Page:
That's because Conley anticipates Smith making freshmen Ramel Bradley, Joe Crawford, Randolph Morris and Rajon Rondo all far better players in March than they will be in December.
"The game with Kansas in January could be a key game," Conley said. "I happen to think Kansas and Illinois are the two best teams in the country going into the season. By the time they play, Tubby will have a pretty good read about what this team is going to be about.
"Even more so, Kentucky fans will have decided if this team can win a national championship. They know Kentucky has been a No. 1 seed (in the NCAA Tournament) the last two years and they'll decide by then if they are that good again or not. Kentucky fans are good at evaluating how good teams are. They are very astute when it comes to basketball. By the Kansas game, they'll know if this team is good enough to be a national title contender or not."
Conley thinks Smith's freshmen bring a new energy level not only to the coach, but also to Kentucky fans.
"When players have been around two, three or four years, fans and coaches pretty much know what to expect," Conley said. "Freshmen reinvigorate everybody. What do we have? How will they blend in? How good are they?
"That lends itself to raising expectations even higher because this freshman class is so good. Could they be a bust? Sure they could. But I don't think so. This is Tubby's best recruiting class. They will blend with Kentucky's veterans and I think have a season that will really be a lot of fun for the fans and players."
No Kentucky: Mississippi State coach Rick Stansbury said there was no way his team should have been picked by media members here Thursday to win the SEC Western Division or finish just one vote behind Kentucky in balloting for the overall SEC champion. However, he also said there was no reason to ever compare interest in Mississippi State basketball to that in Kentucky.
"Kentucky is at a peak every day. Mississippi State is not like that when it comes to basketball," Stansbury, a Kentucky native who played basketball at Campbellsville College, said. "People wake up thinking basketball in Kentucky and fall asleep thinking about it. It's not close to that in Mississippi."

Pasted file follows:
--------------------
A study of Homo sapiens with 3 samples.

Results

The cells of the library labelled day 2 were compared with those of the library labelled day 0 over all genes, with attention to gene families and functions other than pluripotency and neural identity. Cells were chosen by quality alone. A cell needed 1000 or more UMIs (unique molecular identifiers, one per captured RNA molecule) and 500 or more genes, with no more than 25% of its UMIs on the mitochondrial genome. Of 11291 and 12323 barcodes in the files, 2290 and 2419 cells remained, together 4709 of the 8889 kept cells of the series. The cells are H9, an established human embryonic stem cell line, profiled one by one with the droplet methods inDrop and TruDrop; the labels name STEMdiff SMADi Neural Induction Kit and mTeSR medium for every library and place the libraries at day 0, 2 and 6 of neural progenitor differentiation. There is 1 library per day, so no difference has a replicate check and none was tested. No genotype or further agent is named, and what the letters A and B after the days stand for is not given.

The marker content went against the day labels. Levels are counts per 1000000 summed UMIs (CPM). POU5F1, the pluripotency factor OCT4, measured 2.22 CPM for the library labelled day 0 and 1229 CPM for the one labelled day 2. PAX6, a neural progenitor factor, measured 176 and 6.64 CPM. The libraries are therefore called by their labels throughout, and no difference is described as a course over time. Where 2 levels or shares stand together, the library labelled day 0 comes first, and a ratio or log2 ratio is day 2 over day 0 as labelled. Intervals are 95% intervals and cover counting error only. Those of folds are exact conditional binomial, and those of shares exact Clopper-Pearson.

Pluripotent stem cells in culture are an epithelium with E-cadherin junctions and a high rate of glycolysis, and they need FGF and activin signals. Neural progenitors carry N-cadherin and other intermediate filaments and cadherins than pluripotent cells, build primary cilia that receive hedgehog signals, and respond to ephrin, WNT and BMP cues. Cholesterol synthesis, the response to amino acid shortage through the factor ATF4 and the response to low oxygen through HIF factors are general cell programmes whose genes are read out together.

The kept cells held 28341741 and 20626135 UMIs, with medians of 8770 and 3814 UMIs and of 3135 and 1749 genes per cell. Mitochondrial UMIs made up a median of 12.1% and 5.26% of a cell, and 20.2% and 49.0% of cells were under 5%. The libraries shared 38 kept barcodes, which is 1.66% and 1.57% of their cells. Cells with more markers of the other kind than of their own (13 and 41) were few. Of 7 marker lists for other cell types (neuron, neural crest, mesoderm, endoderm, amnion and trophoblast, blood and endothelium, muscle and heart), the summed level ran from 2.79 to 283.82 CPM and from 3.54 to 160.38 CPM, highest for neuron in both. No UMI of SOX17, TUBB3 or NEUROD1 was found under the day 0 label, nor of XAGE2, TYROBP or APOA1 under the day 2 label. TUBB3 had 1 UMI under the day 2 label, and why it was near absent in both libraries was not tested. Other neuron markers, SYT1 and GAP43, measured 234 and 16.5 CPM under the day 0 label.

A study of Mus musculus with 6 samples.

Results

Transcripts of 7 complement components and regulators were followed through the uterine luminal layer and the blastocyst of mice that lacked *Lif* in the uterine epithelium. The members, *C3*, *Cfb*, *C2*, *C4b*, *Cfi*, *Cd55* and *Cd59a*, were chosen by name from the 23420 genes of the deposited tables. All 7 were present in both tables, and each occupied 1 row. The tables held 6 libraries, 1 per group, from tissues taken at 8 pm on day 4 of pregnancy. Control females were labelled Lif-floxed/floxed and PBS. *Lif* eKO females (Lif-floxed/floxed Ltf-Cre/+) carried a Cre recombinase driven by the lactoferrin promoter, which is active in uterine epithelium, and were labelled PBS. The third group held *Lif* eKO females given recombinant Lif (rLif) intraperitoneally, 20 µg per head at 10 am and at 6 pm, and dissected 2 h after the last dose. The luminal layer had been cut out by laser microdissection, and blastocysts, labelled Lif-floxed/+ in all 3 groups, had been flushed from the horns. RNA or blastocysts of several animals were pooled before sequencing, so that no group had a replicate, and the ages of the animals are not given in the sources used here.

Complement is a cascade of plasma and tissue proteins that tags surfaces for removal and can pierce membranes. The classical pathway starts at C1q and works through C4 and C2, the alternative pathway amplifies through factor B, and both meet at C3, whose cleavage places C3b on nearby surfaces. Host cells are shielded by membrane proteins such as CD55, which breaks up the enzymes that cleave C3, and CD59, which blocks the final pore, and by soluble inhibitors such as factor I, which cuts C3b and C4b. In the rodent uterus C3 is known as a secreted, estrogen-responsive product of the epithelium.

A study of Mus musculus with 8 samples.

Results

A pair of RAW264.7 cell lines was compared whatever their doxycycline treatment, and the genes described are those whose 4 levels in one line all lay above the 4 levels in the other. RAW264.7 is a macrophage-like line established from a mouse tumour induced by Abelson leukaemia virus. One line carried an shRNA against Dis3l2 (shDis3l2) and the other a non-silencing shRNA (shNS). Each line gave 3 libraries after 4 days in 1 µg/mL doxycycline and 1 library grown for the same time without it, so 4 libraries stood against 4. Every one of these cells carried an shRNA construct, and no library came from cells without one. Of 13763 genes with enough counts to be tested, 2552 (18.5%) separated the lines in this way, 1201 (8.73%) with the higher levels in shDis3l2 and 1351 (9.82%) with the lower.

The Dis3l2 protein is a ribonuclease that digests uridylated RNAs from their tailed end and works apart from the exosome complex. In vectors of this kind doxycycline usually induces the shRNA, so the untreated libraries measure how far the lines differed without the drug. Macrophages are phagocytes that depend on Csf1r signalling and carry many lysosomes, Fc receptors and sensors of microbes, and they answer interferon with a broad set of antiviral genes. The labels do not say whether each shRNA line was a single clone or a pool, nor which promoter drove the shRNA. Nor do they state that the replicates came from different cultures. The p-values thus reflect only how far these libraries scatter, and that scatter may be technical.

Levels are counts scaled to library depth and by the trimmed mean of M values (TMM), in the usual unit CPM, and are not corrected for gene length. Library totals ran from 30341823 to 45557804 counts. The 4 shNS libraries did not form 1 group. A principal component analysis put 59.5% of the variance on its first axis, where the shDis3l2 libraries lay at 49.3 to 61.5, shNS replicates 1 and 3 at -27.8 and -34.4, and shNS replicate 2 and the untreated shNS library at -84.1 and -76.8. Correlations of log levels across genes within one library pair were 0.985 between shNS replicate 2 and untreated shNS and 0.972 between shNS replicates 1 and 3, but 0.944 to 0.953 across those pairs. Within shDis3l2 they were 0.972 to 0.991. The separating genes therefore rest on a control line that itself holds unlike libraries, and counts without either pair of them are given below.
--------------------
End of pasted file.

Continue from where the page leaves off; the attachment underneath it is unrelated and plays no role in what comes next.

Missing: Mississippi State forward Lawrence Roberts, the preseason SEC Player of the Year, missed media days after spending Wednesday night in the hospital following a hard fall in practice.
"It got just kind of blown-up a little bit," Stansbury said. "It happened about 6 o'clock and there was about 700 students coming into that gym and Lawrence lays on the floor for about 20 minutes and came off the floor on a neck board.
"By the time we got to the hospital, I get a call and the first thing I hear was, 'Lawrence's neck was broke, he was carried off the floor and his neck was hanging off boards.'"
He said Roberts hit the floor hard on his elbow and had tingling in his fingers, prompting fears the injury might be more serious than it actually was.
Hot shooting: Tennessee freshman guard Chris Lofton has impressed coaches and teammates with his 3-point shooting. He recently made 138 of 150 3-pointers during a timed drill, the most any Tennessee player has ever made.
"We have had 11 practices so far and he's doing very well," Tennessee coach Buzz Peterson said. "He even approached our coaching staff and asked if he could get in some extra practice time. He has never really had a chance to focus on just basketball during the fall because he's always played football."
Tennessee guard Scooter McFadgon said the Vols are glad to have Lofton.
"It surprised me a lot that he got out of Kentucky," McFadgon said. "I guess Kentucky and Louisville didn't see the best in Chris. But the way he shoots, I'm surprised they let him out."